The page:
Project aims to replenish fish in Big Eau Pleine - WAOW - Newsline 9, Wausau News, Weather, Sports

Project aims to replenish fish in Big Eau Pleine


Volunteers with the Walleyes for Tomorrow were watching one cylinder full of nearly 5,000 fish eggs, waiting for them all to hatch.

"They're going now," said Volunteer, David Borski.

Many of the fish already hatched and volunteers waited for the rest.

"About 200 will survive, to make it to the 15 inches to go out and spawn again," said Borski.

The Central Wisconsin Chapter of Walleyes for Tomorrow released nearly 200,000 newly-hatched fish into the Big Eau Pleine Reservoir near Mosinee.

"We're going to siphon them out or we can dump them just on the top layer of the water," said Walleyes For Tomorrow Chair, Kim Borski.

Kim Borski said members developed the project to help boost the number of fish in the reservoir.

The came after hundreds of fish were found dead on the Big Eau Pleine's shores earlier this year.

Wildlife officials said low oxygen levels in the water caused the fish kill, along with another major fish kill on the reservoir in 2009.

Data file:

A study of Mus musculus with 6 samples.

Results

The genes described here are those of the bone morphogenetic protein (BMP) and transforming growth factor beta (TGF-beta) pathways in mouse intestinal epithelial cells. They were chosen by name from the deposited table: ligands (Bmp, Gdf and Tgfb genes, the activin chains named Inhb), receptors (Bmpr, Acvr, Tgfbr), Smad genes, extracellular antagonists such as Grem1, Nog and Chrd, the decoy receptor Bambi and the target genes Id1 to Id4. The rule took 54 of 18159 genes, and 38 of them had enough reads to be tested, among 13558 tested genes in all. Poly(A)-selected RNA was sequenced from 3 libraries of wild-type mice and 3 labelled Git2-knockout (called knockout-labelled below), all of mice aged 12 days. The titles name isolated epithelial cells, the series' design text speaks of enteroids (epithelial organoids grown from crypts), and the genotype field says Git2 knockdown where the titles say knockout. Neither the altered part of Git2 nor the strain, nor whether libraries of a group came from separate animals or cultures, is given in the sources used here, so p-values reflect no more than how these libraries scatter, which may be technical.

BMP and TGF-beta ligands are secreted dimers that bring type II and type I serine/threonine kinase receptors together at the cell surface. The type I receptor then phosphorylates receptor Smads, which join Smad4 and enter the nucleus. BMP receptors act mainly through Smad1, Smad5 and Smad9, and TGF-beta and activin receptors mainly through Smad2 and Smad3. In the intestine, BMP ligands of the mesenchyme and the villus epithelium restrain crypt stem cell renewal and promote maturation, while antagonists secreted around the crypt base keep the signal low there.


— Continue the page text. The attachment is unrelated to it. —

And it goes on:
"There's a lot of dead fish, but most of them were carp, really, we did find some walleyes," said David Borski.

But efforts to restock the water at the reservoir take time and patience.

"You rub their belly and the eggs will just naturally come out, they just naturally release them if they're ready," said Kim Borski.

The group set up a hatchery, using water pumped from the reservoir, to get the hatched fish ready for release.

"So we take them back in, the water's going to be the same temperature," said David Borski.

Group leaders said this project will continue for at least three years and by that time, they hope to see results.

"It takes about three to four years for them to be about 15 inches," said Kim Borski.

Members hope their efforts can keep more fish alive at the Big Eau Pleine.

"You feel good, just giving back to the community and giving our kids something to look forward to, to have fish, for the future," said Kim Borski.